How quickly reality hits creeps in, especially when you discover how little you know about how things work.
In the first few weeks since Echelon Press (www.echelonpress.com) agreed to publish my first novel, Killer Cows, every morning I’d turn on my computer, re-read the acceptance letter, and do my happy dance (which embarrasses my 14-year-old daughter to no end). I’d published stuff before, mostly short stories, but nothing like this, nothing which involved signing a contract.
My first contract. Time for another happy dance, this time with a little moonwalking thrown in.
Realizing something you spent a year of your life writing is actually going to be published and read (by people you don’t know) is a feeling like no other. I’m no longer just a writer...I’m an author. God, I love the sound of that. Until now, the only person who cared about my work was me.
So far, it’s been great working with Echelon, who’ve been very patient with all my questions, and helping me with stuff I’m required to provide (bios, jacket blurbs, author photo, this blog site, etc). I’ve been corresponding with other Echelon authors and reading their blogs. Some of it’s been hard work (I’ve never done my own bio, and jacket blurbs are harder to write than most people think), but overall I’ve enjoyed the experience.
But the reality of being an author hit me soon after, in the form of Jennifer Turner (www.jennifer-turner.com). An Echelon author herself (known to readers as J.R. Turner), Jennifer is working with me in editing Killer Cows, and our first contact was monumentally humbling, to say the least.
It’s important to note that I don’t personally know any other writers. I’ve never had the opportunity to participate in workshops or forums, and none of my friends or colleagues do this in their spare time. People have read my work and given feedback, but not a writer’s feedback, someone who would really scrutinize my words line-by-line. All I ever heard was whether or not they like the story. That was fine by me; I was always pretty confident in my writing ability, anyway, never needing to be told how to tell a story.
When I got Jenny’s email, listing her suggestions for various changes, I was excited to get down to the business of fine tuning the novel, which I prematurely assumed would consist of a few tweaks here and there, perhaps eliminate some unnecessary passages.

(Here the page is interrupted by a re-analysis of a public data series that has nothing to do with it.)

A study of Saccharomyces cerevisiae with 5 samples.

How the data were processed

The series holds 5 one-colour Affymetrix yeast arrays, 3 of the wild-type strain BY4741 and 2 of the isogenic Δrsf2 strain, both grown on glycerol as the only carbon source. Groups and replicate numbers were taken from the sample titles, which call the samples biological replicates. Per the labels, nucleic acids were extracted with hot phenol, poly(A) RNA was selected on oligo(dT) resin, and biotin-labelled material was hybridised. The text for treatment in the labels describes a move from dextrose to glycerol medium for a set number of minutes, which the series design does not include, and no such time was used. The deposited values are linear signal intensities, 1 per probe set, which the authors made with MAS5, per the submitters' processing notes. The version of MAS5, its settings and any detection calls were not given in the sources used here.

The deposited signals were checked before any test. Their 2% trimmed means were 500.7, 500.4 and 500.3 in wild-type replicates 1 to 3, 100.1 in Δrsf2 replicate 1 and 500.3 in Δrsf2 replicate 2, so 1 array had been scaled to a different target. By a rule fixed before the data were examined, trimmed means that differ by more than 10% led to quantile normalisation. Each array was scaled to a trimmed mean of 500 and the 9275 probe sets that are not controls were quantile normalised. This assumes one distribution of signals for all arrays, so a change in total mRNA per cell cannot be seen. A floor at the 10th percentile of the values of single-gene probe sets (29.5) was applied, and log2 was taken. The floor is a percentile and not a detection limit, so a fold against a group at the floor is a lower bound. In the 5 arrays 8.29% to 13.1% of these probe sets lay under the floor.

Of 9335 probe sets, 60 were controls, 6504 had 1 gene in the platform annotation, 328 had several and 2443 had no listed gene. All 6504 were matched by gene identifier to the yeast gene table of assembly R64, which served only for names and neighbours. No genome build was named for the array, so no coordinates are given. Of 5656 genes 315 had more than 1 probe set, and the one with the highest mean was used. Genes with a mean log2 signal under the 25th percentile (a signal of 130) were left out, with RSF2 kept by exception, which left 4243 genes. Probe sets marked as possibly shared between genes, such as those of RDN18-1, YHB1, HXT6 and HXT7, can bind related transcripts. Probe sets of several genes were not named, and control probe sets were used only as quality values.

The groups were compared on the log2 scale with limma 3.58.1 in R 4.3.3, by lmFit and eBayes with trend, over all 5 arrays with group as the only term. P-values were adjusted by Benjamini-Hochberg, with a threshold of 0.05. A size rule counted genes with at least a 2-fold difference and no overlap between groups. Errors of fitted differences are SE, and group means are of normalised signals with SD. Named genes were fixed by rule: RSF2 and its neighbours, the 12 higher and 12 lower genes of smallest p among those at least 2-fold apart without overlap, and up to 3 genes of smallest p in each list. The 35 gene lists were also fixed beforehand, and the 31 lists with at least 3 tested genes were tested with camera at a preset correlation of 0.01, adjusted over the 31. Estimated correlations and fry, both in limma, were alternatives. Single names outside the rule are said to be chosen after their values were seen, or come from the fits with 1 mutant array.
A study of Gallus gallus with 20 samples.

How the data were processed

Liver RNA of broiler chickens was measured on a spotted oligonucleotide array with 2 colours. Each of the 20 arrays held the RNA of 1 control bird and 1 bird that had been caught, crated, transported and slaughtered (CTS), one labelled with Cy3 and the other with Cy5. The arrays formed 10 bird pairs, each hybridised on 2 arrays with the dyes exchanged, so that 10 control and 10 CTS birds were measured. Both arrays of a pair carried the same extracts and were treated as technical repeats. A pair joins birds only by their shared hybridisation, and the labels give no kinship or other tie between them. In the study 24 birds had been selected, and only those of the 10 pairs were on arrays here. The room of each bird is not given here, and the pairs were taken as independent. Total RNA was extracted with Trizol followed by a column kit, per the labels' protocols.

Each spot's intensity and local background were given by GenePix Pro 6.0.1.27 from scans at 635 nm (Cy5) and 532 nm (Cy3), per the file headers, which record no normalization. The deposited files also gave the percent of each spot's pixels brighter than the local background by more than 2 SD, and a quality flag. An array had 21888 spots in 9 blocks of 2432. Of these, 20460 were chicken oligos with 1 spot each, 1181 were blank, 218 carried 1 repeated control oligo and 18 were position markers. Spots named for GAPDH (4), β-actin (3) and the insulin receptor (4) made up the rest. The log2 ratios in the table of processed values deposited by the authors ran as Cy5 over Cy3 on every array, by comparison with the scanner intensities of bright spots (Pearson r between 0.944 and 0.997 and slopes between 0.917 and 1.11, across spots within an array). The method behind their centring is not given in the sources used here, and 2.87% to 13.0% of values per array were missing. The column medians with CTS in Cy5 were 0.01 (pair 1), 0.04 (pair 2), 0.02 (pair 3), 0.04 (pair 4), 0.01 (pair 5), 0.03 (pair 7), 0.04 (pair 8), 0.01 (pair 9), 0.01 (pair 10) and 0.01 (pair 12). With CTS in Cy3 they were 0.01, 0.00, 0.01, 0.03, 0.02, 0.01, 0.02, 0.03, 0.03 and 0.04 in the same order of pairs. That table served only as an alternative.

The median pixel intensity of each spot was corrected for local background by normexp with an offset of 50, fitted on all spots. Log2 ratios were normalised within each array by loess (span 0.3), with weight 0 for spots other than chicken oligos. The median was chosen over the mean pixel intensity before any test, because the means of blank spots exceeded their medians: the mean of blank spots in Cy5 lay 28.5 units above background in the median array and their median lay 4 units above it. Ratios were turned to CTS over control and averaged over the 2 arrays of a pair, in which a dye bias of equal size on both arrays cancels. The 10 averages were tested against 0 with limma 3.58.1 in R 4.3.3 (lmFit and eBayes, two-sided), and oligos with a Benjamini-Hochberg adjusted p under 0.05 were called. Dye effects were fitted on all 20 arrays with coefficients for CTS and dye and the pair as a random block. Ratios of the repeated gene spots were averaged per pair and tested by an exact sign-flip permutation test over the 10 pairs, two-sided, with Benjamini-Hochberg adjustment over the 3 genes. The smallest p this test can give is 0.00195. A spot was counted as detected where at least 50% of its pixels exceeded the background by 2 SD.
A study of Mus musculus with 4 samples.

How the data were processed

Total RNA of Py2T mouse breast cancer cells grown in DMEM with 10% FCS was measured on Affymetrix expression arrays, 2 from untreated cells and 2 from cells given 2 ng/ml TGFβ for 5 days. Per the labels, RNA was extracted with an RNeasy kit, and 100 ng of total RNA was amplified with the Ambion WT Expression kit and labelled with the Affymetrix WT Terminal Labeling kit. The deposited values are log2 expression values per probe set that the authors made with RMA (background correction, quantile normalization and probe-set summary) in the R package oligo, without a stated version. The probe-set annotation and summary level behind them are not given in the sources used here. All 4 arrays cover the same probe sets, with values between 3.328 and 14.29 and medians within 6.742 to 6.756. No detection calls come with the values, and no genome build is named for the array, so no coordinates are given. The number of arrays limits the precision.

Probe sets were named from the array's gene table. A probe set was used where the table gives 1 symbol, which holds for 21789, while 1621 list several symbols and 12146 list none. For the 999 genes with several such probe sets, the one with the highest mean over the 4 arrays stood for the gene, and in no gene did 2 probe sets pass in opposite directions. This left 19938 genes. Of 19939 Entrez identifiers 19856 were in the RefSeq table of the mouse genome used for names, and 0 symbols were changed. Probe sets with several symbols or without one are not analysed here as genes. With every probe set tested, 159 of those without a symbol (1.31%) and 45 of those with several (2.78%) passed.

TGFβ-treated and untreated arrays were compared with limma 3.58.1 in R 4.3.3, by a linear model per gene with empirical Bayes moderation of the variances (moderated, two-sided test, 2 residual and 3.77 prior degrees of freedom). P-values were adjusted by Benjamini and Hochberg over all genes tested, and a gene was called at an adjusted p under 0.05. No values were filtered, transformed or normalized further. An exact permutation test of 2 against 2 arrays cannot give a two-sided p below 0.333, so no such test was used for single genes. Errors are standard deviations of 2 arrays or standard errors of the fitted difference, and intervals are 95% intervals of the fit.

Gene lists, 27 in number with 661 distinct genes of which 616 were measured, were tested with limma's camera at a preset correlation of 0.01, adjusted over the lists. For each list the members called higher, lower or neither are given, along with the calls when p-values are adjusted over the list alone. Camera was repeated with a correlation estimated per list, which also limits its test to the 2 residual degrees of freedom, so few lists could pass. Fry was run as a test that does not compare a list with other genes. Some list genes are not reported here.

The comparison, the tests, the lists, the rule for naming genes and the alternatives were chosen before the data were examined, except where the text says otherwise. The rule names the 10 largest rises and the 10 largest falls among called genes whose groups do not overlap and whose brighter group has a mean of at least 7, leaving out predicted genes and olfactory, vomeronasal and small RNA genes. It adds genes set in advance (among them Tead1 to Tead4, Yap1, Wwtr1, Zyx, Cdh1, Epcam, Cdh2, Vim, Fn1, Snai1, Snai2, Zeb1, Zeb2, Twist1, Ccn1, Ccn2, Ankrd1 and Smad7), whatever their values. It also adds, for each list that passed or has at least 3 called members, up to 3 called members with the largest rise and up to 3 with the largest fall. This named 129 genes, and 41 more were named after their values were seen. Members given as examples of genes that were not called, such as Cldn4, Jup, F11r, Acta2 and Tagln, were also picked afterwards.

Wrong!!! Thanks for playing, Dave. We have some nice parting gifts for you, but no happy dance today!
The list was huge, almost none of it having to do with the story itself. Stuff like too much passive voice, more telling than showing, overuse of dialogue tags and dozens of misspellings I never caught (even after I’d edited and revised the book a dozen times). Jennifer personally went through the first forty pages and attached the manuscript with her suggestions printed in red, then instructed me to go through the rest of the manuscript to address some of these issues. With mounting dread, I opened the file.
Oh...my...God. There was so much red splattered on those first forty pages I thought Jason Voorhees must have chopped through it with his machete. I initially thought, "you’ve got to be joking. No way does my book need this much reworking! I spent too much time on it already! I’m trying to get my third novel finished and now I gotta do this?"
But I signed a contract, so with a heavy sigh, I began trudging through Killer Cows for the umpteenth time, rereading my work along Jennifer’s suggestions for changes, my ego dropping a notch or two each time I hit her red passages, the entire time thinking, this isn’t an edit...it’s a freaking re-write.
I first hated addressing Jennifer’s numerous suggestions, until I noticed they were all good ones. It soon became very clear I had some bad habits no one else ever pointed out before. I can’t count how many times I read those dreaded red passages, slapped my head and said, "Of course! Why didn’t I notice that before?" It wasn’t long before I started to depend on Jennifer’s tips, because nearly all of them improved the narrative dramatically. So when they stopped after forty pages, I felt like someone flying solo for the first time after lessons were over. Humbled beyond belief, I thought it was a minor miracle Echelon accepted the book at all.
At the same time, I remembered Echelon isn’t some small press magazine with a circulation of 2,000. It’s a business, a business interested enough in the words I did write to take a chance that Killer Cows could be something good, something special. Knowing that made it easier to revisit a novel I was already sick of.
Thank God my day job allows me to have summers off. I would need them. Putting my third novel on hold, I spent a week of eight hour days going through the rest of the book, this time really looking at each passage with Jennifer’s suggestions in-mind, wincing at every redundant sentence, useless dialogue tag and line that made more sense in my head than it did on the printed page. For the first time in my life, writing was an actual job.
By the time I was finished, I’d trimmed Killer Cows down to 66,000 words (the initial draft was over 80,000), and it’s a hell of a lot better. Is it perfect? I doubt it, and it was with newfound humility that I sent the revised version back to Jenny for her feedback.
I don’t know what Jenny is being paid for her editorial services, but I do know it’s not enough. There’s nothing like having a real writer, who doesn’t know me personally, examine my work with the sole purpose of making it a better read. I don’t think my revisions to Killer Cows are finished, but it’s definitely a better book than it was when I signed Echelon’s contract.